Stockholm's Arlanda Airport is Sweden's largest workplace with 17,000 employees. It is also the fastest growing airport in the Nordics, with over 22 million passengers last year. Radio Sweden meets one person who helps both passengers and employees - airport chaplain Unni Franck.
- Behind the scenes at Arlanda Airport.
- High household debt.
House prices in Sweden have doubled in the past ten years and now, for the first time, a heavyweight government economic agency has warned that Sweden may be heading into a housing bubble.
- Elephants abused during training.
The three largest charter trip operators in Sweden have agreed to stop selling and advertizing elephant rides and animal shows, which are offered at their vacation destinations, because the animals are often mistreated when being trained.
- More than 24,000 asylum seekers in September.
The number of refugees arriving in Sweden keeps growing and, three months before the end of the year, the government has admitted the budget for 2015 will be insufficient.
- Recognition of Western Sahara.
Morocco's government has threatened to boycott Swedish companies and exports if Sweden implements a 2012 parliamentary motion to recognize Western Sahara.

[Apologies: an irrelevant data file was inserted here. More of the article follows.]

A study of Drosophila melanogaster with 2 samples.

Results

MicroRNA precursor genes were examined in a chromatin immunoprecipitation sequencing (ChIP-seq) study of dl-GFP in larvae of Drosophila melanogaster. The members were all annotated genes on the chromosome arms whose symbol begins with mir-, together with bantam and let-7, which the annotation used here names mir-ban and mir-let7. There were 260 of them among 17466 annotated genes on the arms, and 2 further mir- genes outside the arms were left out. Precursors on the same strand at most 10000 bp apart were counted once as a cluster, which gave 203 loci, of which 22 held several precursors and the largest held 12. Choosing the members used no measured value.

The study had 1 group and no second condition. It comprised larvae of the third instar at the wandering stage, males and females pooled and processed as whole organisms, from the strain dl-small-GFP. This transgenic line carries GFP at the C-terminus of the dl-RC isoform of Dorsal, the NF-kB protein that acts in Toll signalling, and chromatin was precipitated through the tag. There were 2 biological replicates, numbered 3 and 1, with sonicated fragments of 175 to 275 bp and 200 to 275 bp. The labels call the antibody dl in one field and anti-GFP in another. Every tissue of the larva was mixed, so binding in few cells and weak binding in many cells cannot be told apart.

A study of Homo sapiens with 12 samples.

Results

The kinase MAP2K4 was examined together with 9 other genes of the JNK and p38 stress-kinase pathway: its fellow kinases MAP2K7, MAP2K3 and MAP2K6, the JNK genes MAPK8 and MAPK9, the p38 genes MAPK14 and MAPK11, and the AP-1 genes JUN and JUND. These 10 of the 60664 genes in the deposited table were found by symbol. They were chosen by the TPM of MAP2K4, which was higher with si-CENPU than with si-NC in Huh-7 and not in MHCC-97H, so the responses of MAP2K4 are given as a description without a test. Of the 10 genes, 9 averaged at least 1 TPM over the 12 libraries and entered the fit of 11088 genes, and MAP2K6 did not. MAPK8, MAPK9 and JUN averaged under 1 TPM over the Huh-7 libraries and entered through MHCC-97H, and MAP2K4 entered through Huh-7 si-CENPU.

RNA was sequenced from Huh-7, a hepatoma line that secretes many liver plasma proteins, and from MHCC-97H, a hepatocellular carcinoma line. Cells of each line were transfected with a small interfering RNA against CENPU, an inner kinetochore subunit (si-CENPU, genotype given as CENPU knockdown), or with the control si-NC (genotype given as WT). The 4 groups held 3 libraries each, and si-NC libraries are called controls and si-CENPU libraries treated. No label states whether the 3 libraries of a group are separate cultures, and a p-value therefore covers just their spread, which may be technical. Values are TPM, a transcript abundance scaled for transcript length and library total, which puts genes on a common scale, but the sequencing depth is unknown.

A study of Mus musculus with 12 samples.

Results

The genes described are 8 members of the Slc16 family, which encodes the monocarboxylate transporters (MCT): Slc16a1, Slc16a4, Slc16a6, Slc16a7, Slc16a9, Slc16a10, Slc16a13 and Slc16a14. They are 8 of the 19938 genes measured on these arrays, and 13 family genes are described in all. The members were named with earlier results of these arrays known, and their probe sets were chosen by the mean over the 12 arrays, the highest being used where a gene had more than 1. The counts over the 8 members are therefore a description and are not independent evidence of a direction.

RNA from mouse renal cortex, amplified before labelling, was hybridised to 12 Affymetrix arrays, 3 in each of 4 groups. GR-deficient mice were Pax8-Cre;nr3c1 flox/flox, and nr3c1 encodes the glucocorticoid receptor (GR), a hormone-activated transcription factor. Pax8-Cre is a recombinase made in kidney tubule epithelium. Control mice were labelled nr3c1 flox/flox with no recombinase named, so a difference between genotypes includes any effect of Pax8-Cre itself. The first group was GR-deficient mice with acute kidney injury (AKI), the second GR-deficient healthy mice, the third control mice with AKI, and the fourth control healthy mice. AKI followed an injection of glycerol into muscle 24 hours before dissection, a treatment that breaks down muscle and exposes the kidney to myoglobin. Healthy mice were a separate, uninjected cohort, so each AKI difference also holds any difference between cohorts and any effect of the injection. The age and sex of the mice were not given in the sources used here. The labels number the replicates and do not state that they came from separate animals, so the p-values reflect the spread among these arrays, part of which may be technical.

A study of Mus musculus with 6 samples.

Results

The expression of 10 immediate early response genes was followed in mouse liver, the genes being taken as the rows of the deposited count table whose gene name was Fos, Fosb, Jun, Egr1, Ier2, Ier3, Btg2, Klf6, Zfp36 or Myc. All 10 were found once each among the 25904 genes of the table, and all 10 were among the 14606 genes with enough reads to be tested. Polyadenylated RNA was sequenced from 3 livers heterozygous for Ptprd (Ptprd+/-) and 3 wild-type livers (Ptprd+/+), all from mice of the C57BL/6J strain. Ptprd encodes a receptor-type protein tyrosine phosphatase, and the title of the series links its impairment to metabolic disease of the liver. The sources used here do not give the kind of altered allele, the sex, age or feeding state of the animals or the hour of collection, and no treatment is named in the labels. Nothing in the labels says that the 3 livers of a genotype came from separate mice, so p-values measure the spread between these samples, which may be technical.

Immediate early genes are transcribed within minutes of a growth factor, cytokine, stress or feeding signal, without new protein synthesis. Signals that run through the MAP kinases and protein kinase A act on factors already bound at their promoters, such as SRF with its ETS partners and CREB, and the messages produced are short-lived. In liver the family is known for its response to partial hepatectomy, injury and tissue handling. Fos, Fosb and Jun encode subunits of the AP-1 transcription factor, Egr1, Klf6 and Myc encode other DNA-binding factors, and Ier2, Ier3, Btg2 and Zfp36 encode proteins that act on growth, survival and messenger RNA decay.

- SEK 22.8 billion.
The new Karolinska hospital in Stockholm will cost almost double as much as the world's tallest building, Dubai's Burj Khalifa, according to daily Svenska Dagbladet.
- Four new notes.
The Swedish Central Bank introduced new banknotes on Thursday for the first time in 30 years, including a new denomination for the Swedish currency, the 200-krona note.
- Emission tests scandal.
Volkswagen is to recall almost 225,000 cars in Sweden following the scandal over its fixing of diesel emissions tests, and the affected car owners will have to take their vehicles to a workshop.
- Going after meat, cigarettes or lottery tickets.
In the first half of this year, there were more than 400 reported robberies in Sweden and retail industry groups criminals are changing their targets and tactics.
- "The government babysits people on welfare".
Sweden's conservative Moderate Party wants to toughen the requirements for newly arrived immigrants and the jobless to receive social benefits, Swedish Radio News reports.
- More information for Swedish drivers.
The Swedish government is calling Volkswagen's Swedish subsidiary and the national transport agency to a meeting to learn more about how the company's illegal emission-control software affects Swedish car owners.
- Four shadow budgets.
The four centre-right parties have agreed on the overall direction of a new Alliance budget. A list of joint economic proposals were presented on Tuesday.
The government presented on Monday its new export strategy, prioritizing start-up companies, that is, newly begun, fast-growing companies with an international focus.
- Loans for weapons.
The Liberal party is critical that Brazil is receiving Swedish state money, in the form of loans, to buy weapons from other countries, reports Swedish Radio News.